The Silicone Sage in Shanghai
January 12, 2012 § Leave a comment
Confucius is back again and, at 10 meters tall, is bigger than ever. Why the continued preoccupation with the ancient Sage (551 B.C.E.-479 B.C.E.) in today’s China is still unclear (see here and here). Only time will tell whether the current interest in him has real staying power. In this particular incarnation, Confucius is a statue constructed of silicone and steel, complete with pulsating heart, submerged from the waist down in a pool of water.
Q Confucius No. 2, as it is called, is but one piece in Zhang Huan’s solo show, Q Confucius, now on display at the Rockbund Art Museum in Shanghai. I haven’t seen it–but wish I could. (It runs through January 29.) Zhang Huan, who works out of Beijing, Shanghai, and New York, explains that the images in the show have their origins in a series of questions he’s been pondering:
Faced with rapid economic and societal changes and energy and climate challenges, how can we achieve sustainable development? What responsibilities come along with China’s rise in international importance? Where is the sense of spiritual belonging for contemporary Chinese?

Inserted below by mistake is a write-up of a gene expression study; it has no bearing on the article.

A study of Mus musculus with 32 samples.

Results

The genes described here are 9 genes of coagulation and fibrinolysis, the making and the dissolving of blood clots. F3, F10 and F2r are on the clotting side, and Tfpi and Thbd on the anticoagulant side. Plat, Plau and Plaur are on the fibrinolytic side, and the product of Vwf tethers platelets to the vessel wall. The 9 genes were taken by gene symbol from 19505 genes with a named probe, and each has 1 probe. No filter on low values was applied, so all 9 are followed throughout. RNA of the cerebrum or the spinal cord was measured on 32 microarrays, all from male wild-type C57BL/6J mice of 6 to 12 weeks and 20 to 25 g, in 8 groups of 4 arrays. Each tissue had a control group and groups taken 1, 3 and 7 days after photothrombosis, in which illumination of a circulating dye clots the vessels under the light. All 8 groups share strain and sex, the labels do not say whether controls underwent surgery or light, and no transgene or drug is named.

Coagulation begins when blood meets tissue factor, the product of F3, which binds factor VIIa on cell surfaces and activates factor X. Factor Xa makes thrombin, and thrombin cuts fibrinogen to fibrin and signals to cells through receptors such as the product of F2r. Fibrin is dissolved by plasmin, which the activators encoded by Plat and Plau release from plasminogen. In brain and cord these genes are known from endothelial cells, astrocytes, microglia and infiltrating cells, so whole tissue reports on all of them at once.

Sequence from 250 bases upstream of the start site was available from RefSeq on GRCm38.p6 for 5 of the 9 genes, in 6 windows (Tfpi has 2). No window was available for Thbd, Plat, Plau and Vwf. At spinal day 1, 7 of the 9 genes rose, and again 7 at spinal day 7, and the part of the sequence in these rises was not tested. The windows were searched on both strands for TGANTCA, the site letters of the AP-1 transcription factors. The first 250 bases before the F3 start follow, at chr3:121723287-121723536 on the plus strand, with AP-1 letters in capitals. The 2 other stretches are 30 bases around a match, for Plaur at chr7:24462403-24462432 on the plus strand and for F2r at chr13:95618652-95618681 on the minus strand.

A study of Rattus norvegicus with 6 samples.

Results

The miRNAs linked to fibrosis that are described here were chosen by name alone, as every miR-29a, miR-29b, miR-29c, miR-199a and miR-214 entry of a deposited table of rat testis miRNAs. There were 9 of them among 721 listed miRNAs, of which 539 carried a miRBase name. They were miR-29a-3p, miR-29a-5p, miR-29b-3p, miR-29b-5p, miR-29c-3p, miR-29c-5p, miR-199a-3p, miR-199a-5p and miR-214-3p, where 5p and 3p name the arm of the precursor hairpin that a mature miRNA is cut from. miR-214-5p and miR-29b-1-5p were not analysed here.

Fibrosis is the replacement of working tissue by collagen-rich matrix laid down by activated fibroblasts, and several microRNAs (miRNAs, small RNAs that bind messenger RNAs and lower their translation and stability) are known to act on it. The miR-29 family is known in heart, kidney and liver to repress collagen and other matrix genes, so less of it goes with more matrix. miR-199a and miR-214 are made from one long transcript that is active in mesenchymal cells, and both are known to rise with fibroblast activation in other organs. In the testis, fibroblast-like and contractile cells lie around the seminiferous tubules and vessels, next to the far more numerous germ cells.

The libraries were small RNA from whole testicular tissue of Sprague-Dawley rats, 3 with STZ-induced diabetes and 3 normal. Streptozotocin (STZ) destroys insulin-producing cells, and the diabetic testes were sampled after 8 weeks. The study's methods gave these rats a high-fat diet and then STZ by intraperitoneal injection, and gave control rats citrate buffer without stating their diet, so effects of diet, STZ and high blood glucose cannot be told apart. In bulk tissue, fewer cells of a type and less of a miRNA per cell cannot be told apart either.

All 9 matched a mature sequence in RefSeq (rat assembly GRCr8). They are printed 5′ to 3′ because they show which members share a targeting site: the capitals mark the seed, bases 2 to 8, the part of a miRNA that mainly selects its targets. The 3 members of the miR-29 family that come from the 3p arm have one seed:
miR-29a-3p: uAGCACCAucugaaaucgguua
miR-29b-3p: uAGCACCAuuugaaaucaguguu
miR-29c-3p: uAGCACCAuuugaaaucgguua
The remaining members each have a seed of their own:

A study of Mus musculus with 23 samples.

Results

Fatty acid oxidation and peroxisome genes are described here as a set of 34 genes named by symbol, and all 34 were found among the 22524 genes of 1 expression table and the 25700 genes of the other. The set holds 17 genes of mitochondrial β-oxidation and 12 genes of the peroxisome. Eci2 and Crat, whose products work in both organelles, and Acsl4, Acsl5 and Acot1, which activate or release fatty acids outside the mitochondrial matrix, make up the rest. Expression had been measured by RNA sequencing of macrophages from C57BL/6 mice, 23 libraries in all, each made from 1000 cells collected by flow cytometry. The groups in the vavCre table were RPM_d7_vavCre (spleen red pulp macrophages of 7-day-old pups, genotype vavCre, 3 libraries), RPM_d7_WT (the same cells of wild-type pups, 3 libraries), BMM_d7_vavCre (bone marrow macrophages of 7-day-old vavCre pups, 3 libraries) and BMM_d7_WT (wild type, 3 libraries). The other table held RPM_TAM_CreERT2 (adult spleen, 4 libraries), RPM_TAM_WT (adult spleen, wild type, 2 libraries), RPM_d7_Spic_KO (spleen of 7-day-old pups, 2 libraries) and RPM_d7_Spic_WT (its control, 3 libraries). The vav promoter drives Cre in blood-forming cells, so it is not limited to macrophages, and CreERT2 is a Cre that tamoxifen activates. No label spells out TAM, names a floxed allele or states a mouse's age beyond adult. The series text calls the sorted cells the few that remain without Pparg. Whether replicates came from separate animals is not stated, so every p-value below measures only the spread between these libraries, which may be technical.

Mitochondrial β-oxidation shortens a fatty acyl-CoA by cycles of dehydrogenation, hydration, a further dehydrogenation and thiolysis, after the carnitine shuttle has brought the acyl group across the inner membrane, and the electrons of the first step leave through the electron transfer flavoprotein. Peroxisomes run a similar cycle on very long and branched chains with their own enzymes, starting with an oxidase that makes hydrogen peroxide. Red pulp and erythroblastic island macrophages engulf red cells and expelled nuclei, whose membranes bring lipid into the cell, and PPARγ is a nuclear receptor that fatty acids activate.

Where indeed? Confucius No. 2, half submerged, half emerged, invites us to consider whether the iconic Sage has a sustained, moral-spiritual role to play in China today. How fully will his age-old teachings and ideals connect with the needs of a country undergoing sweeping social, economic, and cultural changes? Will an updated, vital Confucius emerge from his relative insignificance in the 20th century–from the pummeling of the May 4th movement and then Mao’s cultural revolution–to serve as spiritual guide to the Chinese people in the 21st century?
Zhang Huan offers no answers. But that he, one of China’s edgiest avant-garde artists, feels compelled to ask the questions, to contemplate the meaning of Confucius in China today, is sure indication that Chinese today are searching for meaning.